0828 GMT December 03, 2020
"Every country should be treated fairly and I am pretty confident that tourism activity between Turkey and Germany will resume soon," the German government's tourism commissioner, Thomas Bareiss, told German broadcaster NTV, dailysabah.com reported.
"I hope that I will have the opportunity to travel to Turkey this summer," Nils Schmid, foreign affairs spokesman for the Social Democrat Party (SPD) said at a webinar on German-Turkish relations.
Speaking at the same webinar, Juergen Hardt, the foreign policy spokesman for Merkel's conservative CDU, said they were aware of the expectations of German tourists and the Turkish community in Germany.
The officials’ remarks follow Turkish Foreign Minister Mevlüt Çavuşoğlu and Culture and Tourism Minister Mehmet Nuri Ersoy’s visit to Berlin last week to discuss with German officials issues like tourism during the pandemic, as well as Berlin and the European Union’s travel warning against Turkey due to the outbreak.
Turkey is one of the most popular travel destinations for German holidaymakers. Nearly five million German tourists traveled to Turkey last year.
Germany's tourism commissioner Bareiss said the talks in Berlin were fruitful, indicating that discussions between the two sides are ongoing.
He added that government officials were mulling steps to resume tourism activities between the two countries, provided the number of COVID-19 cases is lower in Turkey’s holiday resorts and safe travel conditions are met.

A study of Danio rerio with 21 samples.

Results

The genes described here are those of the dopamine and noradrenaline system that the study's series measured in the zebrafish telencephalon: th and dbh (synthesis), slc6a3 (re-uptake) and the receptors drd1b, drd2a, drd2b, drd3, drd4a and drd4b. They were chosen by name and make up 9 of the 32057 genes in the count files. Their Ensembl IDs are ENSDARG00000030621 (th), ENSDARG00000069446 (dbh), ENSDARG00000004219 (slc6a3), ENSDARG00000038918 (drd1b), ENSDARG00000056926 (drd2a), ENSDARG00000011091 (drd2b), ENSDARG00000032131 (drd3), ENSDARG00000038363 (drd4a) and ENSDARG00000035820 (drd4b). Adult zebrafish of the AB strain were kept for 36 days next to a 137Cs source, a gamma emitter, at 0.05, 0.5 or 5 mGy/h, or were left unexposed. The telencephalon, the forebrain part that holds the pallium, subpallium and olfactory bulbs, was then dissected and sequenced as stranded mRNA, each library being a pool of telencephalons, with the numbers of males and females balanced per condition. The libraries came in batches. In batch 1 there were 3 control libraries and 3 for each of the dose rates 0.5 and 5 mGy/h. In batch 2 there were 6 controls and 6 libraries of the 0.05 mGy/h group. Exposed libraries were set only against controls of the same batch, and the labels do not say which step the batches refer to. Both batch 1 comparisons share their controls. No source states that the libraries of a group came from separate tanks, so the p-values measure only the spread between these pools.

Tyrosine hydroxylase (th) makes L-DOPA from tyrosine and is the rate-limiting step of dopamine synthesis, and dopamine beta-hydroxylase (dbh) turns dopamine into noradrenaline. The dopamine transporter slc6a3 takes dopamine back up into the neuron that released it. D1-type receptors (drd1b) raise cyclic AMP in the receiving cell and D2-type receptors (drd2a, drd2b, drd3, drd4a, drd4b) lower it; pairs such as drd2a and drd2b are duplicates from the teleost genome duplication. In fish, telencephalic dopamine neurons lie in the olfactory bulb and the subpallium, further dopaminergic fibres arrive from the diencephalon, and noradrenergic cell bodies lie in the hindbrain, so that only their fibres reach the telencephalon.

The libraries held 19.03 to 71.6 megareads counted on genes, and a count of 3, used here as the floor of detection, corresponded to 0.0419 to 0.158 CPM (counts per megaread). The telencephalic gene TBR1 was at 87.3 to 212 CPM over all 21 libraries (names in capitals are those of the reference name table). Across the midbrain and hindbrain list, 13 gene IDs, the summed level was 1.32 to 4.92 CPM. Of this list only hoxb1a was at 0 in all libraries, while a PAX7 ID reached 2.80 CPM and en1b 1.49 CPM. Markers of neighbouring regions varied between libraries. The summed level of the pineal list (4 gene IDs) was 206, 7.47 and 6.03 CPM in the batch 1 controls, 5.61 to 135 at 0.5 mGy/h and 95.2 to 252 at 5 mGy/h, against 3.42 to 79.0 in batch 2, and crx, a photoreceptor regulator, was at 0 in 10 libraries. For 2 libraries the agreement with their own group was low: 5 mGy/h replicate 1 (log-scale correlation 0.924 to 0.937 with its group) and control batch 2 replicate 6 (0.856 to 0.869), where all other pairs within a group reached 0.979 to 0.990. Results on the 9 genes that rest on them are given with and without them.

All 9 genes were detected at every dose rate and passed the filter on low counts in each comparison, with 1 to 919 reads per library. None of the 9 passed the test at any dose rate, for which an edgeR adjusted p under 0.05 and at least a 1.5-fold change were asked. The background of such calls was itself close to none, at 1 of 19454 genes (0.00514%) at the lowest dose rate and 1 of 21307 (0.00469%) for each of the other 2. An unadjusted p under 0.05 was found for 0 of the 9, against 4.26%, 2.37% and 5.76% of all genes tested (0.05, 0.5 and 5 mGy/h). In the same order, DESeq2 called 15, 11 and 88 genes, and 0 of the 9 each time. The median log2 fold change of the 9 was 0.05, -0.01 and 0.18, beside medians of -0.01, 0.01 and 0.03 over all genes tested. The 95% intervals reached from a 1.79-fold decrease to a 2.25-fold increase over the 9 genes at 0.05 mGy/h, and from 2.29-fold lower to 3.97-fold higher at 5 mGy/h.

He stressed that Ankara has taken all necessary measures to ensure the tourists' safety.
Foreign Minister Cavusoglu had called on Berlin to reconsider its travel warning. He urged the EU to add Turkey to its "safe list" of countries that were classified by the 27-member bloc as safe destinations.
His German counterpart Heiko Maas said health authorities will review detailed information provided by Turkey and make a decision in coordination with the EU.
Speaking at the webinar, organized by the Berlin representation of Turkey's ruling Justice and Development Party (AK Party), SPD foreign affairs spokesperson Schmid said he hoped to see some changes on the travel warning in the next few weeks.
For his part, CDU foreign policy spokesman Hardt said: "I think it would be very helpful for hundreds of thousands of people of Turkish origin in Germany and also for hundreds of thousands of German people who normally spend their holidays in Turkey if we can find a way to reduce travel restrictions between Germany and Turkey."
Hardt, however, underlined that the German government will make a decision based on a scientific assessment of the situation by relevant institutions.
The German government last month decided to lift its global travel warning only for EU member states and Schengen associated countries (Iceland, Liechtenstein, Norway and Switzerland), but extended it for all the other countries, including Turkey, until the end of August.
On the other hand, in a list it unveiled last week, the EU decided to exclude Turkey, along with the US and other countries, from a list of 15 countries recommended for nonessential travel. Ankara called on the bloc to correct the “mistake” as soon as possible, citing its measures taken to combat the pandemic as well as its efforts and successes.